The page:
Shares in Meituan fell sharply for a second consecutive day, after the Chinese food delivery group and ecommerce company Pinduoduo were criticised for their business practices by a government-affiliated consumer protection group.
Meituan stock was down as much as 9 per cent on Tuesday, with shares losing almost 12 per cent of their value this week. The fall began on Monday, when the company’s chief executive posted a poem on social media that investors viewed as a critique of Chinese president Xi Jinping.
The Shanghai Consumer Council said it had called in Meituan and Pinduoduo to “point out” problems with protecting consumer rights and to demand changes to their behaviour.
The rebuke came as Chinese authorities are conducting a broader crackdown on the country’s tech sector after scuppering the $37bn initial public offering of Jack Ma’s Ant Group, the financial technology company, last year. Officials told the tech sector last month to “rectify” anti-competitive practices.
The council criticised Meituan for unclear platform rules and said it needed to “fairly” set the fees it charges restaurants and consumers for deliveries.
Separately, China’s market regulator is investigating Meituan over antitrust concerns.
The council called on Pinduoduo to “correct” some of its tactics for luring in new shoppers and strengthen its processes for introducing new merchants and tackling counterfeits on the platform.
The rebuke of Pinduoduo marked one of the first direct attacks on the company, whose founder resigned as chair of the company in March, the same month the ecommerce group said it had overtaken Alibaba in annual shopper numbers. The company’s New York-listed shares fell more than 9 per cent following the criticism.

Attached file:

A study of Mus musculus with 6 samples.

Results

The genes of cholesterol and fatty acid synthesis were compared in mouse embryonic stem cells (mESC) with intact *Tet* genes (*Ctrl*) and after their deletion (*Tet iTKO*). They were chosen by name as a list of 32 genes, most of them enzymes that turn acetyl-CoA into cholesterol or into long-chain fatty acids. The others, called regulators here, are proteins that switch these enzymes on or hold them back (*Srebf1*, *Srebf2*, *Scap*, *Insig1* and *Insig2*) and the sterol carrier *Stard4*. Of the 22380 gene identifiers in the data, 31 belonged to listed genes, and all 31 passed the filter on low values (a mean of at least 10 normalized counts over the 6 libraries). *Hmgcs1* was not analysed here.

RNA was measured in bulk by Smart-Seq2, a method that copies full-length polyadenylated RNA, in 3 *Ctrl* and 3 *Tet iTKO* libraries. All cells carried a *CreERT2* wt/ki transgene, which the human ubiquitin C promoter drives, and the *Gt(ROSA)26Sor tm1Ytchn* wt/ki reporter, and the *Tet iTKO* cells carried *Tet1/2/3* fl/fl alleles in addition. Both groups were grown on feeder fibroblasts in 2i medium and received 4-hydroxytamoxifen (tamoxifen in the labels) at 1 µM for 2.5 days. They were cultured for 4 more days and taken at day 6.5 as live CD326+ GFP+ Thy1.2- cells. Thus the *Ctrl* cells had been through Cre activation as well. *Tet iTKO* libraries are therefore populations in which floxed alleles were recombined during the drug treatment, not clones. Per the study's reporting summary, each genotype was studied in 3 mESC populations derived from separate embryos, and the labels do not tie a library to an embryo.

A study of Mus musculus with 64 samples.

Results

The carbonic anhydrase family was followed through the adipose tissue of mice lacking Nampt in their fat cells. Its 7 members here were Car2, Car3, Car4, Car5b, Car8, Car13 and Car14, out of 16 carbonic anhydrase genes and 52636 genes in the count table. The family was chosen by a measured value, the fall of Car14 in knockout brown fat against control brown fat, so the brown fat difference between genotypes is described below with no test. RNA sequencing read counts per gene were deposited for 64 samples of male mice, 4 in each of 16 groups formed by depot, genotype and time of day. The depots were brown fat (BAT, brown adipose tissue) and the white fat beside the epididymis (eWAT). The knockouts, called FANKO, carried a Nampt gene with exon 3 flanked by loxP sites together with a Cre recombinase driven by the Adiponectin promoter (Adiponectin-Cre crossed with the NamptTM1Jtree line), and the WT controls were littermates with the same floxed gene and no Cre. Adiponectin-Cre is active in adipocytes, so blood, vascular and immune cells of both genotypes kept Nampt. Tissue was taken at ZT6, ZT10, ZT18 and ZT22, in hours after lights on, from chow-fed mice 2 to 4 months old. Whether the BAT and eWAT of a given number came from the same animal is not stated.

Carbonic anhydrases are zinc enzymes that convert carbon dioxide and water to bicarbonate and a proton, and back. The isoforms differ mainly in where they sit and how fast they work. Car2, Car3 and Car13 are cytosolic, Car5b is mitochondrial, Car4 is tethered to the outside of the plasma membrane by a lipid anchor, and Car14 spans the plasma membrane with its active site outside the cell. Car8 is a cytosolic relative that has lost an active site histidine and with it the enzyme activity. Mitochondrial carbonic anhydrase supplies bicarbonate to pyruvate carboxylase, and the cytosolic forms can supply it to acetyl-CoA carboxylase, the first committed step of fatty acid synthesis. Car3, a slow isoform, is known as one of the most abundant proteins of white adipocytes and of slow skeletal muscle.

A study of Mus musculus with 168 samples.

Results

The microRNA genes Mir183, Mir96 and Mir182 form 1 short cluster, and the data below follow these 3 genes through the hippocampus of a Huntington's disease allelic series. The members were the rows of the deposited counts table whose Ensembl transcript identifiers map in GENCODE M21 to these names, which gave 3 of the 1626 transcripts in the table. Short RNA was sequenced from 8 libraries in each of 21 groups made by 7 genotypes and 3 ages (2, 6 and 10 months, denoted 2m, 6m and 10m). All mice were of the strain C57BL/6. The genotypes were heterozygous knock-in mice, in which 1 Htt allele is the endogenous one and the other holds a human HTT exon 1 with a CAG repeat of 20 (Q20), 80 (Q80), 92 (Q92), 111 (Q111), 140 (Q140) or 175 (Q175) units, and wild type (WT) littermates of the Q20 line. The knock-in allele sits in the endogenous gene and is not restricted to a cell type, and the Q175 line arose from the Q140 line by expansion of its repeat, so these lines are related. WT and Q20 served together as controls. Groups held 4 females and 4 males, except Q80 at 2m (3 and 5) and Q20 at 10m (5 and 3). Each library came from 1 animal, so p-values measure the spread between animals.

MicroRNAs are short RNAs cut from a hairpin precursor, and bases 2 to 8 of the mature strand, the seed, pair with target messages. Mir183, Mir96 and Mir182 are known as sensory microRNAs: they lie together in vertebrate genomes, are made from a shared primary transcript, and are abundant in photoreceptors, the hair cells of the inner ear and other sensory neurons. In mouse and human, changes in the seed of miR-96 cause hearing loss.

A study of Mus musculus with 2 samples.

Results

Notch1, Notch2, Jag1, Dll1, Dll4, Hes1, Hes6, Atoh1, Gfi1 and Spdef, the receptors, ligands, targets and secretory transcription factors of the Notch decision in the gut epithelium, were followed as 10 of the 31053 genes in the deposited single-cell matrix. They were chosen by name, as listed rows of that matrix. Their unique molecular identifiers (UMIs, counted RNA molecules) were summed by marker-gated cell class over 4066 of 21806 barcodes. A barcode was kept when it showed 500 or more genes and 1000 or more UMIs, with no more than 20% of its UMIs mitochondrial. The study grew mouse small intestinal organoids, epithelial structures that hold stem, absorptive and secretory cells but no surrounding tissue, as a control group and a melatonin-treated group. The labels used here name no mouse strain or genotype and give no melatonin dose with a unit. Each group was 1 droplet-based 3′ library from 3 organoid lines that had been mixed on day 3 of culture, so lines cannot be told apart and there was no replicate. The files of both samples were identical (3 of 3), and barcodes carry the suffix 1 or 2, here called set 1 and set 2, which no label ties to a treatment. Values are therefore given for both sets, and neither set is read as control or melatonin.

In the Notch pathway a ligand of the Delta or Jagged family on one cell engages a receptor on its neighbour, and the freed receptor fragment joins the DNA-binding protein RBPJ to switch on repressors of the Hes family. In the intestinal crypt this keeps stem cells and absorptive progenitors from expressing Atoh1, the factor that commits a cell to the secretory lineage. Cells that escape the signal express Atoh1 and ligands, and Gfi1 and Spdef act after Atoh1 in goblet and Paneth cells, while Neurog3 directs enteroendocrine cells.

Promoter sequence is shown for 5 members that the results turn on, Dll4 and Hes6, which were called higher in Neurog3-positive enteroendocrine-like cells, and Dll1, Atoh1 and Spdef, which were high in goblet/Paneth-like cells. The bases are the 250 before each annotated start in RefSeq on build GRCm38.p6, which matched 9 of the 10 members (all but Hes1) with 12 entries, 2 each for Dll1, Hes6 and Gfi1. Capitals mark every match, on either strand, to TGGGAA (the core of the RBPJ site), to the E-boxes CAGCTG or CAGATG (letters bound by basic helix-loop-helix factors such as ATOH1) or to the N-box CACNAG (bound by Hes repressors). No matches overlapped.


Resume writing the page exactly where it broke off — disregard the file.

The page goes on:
Pinduoduo’s site is well known for hosting counterfeits and has been repeatedly listed by US authorities as a “notorious market” for IP infringement, along with other Chinese sites.
The council said some companies had allowed counterfeits to flood on to their platforms as they put increasing consumer traffic above all else.
Pinduoduo agreed to a “self-examination and a rectification” of its problematic practices and pledged to submit a “rectification report”.
Meituan declined to comment.
Xia Hailong of Shanghai Shenlun law firm said the council did not have regulatory power but “the meetings served as a warning to the companies that you better make changes or else you will be punished”.
“It’s a Chinese move to use carrots before the stick,” he said.
Li Chengdong, head of the Haitun ecommerce think-tank, said it was inevitable there would be a regulatory response to the outcry over counterfeits, but the intervention of a local body in Shanghai was preferable to a central government agency. “Actually, to some degree, it’s protecting Pinduoduo from harsher punishment,” he said.